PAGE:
Every rule has an exemption
As the COVID-19 virus has proved, certain rules within the EU can be relaxed during a crisis, such as the one currently upon us . The EU has indicated that it will show leniency on a variety of matters, for example the 3% fiscal deficit rule (well, for the year 2020 at least), or the de minims rule under the Temporary Framework for State aid measures to support the economy in the current COVID-19 outbreak. But from a competition law perspective the question remains: should national authorities also show leniency? As will be shown below, the toughest part of the current situation for the competition authorities is the questions that arise out of the crisis.
Business as usual…or maybe not
When it comes to administrative procedures, the measures imposed by the Slovenian government to contain and manage the COVID-19 crisis put all forms of public administration in a peculiar situation – working from home – at least for those, where possible .
The Slovenian Competition Protection Agency (CPA), for example adapted its workflow to the current situation. Furthermore, all administrative and other public law matters have been adjourned - this also means that the CPA is not obliged to decide or issue decisions, regarding other administrative acts within its usual deadlines.
While this should secure a client’s rights during an administrative procedure, it is interesting to see how the CPA will react to what follows next, from a material perspective.
The CPA, did not issue any specific statement regarding its approach to cartels which have formed as a result of “necessity” during the COVID-19 epidemic period. As a member of the European Competition Network, part of the joint statement indicated that cooperation among companies, in order to ensure the supply and fair distribution of scarce products to all consumers, will not actively be targeted by the competition authorities.
However, it is unlikely that the CPA will show leniency in other cases. Although one might argue that a temporary cartel during a situation such as this one might prevent the social problems associated with an industry collapse, and yield a more competitive market after the crisis, this is simply not the position of the EU.
The EU Commission took a stand against cartels during the global financial crisis and did not relax its antitrust enforcement in banking at that time. The reason behind this was that the short-term effects did not outweigh the long-term effects of cartel, which could arise from such a situation. Based on the current assessment, it is unlikely that the Commission will change its position and therefore also not the CPA.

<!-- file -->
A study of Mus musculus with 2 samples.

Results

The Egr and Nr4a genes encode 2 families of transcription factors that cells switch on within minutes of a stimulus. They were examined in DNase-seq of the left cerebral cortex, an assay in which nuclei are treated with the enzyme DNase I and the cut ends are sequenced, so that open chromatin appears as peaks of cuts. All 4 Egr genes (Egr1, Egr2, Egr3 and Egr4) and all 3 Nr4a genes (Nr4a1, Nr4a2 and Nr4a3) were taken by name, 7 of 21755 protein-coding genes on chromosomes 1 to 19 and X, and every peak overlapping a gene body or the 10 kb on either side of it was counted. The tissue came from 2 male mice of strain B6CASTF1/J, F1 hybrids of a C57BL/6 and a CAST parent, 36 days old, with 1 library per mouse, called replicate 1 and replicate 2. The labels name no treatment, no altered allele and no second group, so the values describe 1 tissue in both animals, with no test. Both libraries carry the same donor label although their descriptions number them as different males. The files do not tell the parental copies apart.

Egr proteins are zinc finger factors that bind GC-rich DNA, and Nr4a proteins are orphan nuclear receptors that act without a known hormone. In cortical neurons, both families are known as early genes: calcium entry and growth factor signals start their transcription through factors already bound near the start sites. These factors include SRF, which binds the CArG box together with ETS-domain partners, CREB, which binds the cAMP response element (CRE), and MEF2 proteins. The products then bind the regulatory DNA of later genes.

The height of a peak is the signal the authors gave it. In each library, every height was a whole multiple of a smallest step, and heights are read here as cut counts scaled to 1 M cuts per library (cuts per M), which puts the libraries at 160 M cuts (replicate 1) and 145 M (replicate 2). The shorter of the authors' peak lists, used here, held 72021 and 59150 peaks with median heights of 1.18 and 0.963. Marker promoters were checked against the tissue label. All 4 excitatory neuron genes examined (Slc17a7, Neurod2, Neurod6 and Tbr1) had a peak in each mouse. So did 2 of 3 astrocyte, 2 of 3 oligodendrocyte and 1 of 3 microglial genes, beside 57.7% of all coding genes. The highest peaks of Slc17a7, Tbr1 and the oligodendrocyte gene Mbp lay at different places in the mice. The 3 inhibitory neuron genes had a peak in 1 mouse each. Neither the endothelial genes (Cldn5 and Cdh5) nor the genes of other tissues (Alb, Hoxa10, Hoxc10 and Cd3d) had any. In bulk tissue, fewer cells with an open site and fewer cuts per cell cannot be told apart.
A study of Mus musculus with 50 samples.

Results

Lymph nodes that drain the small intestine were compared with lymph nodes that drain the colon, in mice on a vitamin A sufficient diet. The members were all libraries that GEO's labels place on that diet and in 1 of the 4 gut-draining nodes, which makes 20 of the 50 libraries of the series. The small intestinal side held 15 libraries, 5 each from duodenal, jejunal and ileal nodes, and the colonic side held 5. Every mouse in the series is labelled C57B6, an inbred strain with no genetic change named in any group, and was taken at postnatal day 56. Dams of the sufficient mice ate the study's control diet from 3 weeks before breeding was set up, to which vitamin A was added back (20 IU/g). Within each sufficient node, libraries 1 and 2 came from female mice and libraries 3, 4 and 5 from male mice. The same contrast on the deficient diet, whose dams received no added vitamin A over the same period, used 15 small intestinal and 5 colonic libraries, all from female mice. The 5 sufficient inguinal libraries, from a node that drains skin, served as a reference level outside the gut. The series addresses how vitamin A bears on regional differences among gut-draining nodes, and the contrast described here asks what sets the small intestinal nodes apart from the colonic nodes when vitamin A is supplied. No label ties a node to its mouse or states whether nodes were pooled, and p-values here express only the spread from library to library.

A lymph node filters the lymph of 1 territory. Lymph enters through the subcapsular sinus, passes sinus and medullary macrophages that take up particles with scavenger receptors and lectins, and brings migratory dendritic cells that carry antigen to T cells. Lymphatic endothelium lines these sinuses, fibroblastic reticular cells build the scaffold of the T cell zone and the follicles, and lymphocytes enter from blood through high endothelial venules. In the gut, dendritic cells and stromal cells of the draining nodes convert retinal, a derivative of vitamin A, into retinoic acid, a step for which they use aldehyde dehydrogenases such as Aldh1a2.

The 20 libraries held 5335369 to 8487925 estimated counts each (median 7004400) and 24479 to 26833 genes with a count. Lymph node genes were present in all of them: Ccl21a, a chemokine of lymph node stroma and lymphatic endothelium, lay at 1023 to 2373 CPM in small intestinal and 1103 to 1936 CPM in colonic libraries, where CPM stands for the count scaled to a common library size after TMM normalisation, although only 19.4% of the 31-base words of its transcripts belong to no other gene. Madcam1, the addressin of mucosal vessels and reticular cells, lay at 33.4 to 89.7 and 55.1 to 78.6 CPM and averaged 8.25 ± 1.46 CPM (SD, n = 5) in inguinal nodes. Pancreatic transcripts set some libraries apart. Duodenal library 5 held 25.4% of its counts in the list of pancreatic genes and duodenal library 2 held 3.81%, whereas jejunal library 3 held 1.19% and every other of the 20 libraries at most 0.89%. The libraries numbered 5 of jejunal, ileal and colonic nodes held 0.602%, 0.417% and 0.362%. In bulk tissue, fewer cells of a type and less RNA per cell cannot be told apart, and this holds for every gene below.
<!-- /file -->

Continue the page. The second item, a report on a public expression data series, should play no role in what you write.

3. Abuse of market power
Slovenia is also one of those countries, which in order to apprehend certain unfair practices froze the prices for protective and medical equipment, including face masks, goggles, gloves and hand sanitisers.
The CPA will also keep a close eye on the activities in the relevant markets to apprehend any individual trying to abuse its dominant position.
4. Merger control
Slovenia’s government adopted an Ordinance, which dealt with court and administrative matters. This Ordinance stipulates that all procedural and material legal matters are adjourned. The deadlines for exercising rights that would normally expire during the current state of emergency period, will be extended to expire on the 8th day after the current emergency measures are lifted. Although the Slovenian Competition Agency suggests that for the duration of the Ordinance clients should appropriately arrange their merger notifications, it nevertheless accepts merger filings by e-mail. This means that it is of crucial importance for clients in the middle of a transaction to amend their “long-stop” date, as the competition authority will not be obliged to issue its decision within its usual periods.
One outstanding matters that remains is how the CPA will look at merger cases during and after the immediate crisis. Specifically, a question arises on whether the CPA should apply a “flexible failing firm” defence in order to deal with the distorted market conditions. After all, it might be easier to prove that the competitive conditions resulting from a rescue merger will not be worse than the conditions resulting from a systematic failure in the absence of the merger.